A week ago, it looked like the world’s two biggest economies were close to resolving their ongoing trade dispute. Now, the United States has imposed a new round of punishing tariff increase on Chinese goods.
Eleventh-hour negotiations got under way on Thursday between a high-level Chinese delegation led by Vice Premier Liu He and US negotiators led by Trade Representative Robert Lighthizer.
The pressure to salvage a trade deal between the two sides ratcheted up on Wednesday after the US formally filed paperwork that would make good on President Donald Trump’s Twitter threat earlier in the week to raise tariffs on Chinese imports.
From Friday, tariffs will increase on $200bn of Chinese goods from 10 percent to 25 percent. China promises to retaliate, but has not offered specifics on possible countermeasures.
Senior Trump administration officials have accused Beijing of reneging on commitments made during earlier trade talks. Speaking at a rally in Florida on Wednesday, Trump had said China “broke the deal”. But Trump changed his tone on Thursday with a tweet saying he had received a “beautiful letter” from Chinese President Xi Jinping.
With the trade war entering its second year, the US and China are wrestling with a long list of hot-button issues.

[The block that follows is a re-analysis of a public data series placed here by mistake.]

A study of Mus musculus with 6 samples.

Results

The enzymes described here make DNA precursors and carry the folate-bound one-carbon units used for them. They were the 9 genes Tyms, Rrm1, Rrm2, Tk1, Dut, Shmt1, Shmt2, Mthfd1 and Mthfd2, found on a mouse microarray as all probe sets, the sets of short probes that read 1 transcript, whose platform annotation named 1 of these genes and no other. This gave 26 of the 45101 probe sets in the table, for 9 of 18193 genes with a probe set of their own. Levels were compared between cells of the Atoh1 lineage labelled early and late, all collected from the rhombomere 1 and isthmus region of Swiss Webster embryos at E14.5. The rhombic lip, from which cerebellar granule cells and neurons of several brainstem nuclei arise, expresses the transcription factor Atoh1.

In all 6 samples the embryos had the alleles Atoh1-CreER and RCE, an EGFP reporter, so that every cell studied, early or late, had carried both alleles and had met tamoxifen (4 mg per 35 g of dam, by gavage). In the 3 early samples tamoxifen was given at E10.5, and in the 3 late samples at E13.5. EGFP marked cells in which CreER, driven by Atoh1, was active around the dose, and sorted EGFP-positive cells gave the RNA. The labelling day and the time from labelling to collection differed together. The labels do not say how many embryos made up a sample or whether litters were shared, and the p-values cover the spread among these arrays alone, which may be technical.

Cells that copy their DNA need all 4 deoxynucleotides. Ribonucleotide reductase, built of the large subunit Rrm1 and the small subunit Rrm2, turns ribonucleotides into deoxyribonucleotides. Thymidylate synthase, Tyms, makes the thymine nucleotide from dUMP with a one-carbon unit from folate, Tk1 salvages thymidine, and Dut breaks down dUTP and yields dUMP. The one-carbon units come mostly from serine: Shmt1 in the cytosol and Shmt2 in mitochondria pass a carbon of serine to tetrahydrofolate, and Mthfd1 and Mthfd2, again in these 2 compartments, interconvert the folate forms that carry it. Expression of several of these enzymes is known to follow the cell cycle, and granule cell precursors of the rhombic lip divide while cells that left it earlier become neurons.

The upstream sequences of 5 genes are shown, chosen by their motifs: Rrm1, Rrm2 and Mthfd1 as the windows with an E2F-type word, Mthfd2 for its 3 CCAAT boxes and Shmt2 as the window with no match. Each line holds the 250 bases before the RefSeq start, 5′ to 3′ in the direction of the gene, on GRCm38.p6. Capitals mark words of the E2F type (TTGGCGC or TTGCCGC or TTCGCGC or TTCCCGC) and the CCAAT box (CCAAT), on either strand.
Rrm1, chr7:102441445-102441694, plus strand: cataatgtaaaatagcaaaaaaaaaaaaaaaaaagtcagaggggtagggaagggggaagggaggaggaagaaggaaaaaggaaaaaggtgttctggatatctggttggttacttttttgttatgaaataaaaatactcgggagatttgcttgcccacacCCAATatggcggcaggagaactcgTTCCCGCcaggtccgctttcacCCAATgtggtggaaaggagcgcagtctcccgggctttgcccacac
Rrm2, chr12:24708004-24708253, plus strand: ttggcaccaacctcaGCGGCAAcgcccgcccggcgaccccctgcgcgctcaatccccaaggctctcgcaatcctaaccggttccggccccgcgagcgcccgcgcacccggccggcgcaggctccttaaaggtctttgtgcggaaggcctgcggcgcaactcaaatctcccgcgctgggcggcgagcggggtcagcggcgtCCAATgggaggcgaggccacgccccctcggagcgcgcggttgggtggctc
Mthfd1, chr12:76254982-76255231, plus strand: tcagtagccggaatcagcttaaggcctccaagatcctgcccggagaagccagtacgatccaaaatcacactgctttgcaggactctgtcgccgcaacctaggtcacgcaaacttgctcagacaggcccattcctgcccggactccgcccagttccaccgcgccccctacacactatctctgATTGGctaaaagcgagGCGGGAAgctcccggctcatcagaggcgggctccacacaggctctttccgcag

Most analysts agree Beijing stands to lose more than Washington if the bilateral trade conflict is prolonged. China’s gross domestic product (GDP) could fall by some 1.6 percent this year if punitive tariffs continue to squeeze Chinese companies out of American markets, the International Monetary Fund estimates.
Meanwhile, strong US economic growth, a healthy jobs market and a less-jittery Wall Street have ushered in a bold new stance by the Trump administration.
The US economy grew 3.2 percent in the first quarter, the unemployment rate is hovering at a 50-year low, and a US stock market rally this year has boosted investor confidence – albeit amidst a general perception that the US and China were moving towards a deal.
China ‘seven times as vulnerable’
“The US imported about $540bn in goods from China last year, and had exports to China of $120bn,” Robert E Scott, an economist at the Economic Policy Institute (EPI), told Al Jazeera. “Neither figure is a large share of US GDP, which reached $21.1 trillion in the first quarter.” Scott added the proportion for China is much greater. “Its $540bn in exports to the US in 2018 represented four percent of [China’s $13.4 trillion] economy,” he said. “In other words, China is roughly seven times as vulnerable to trade disruption as the United States in this particular dispute.”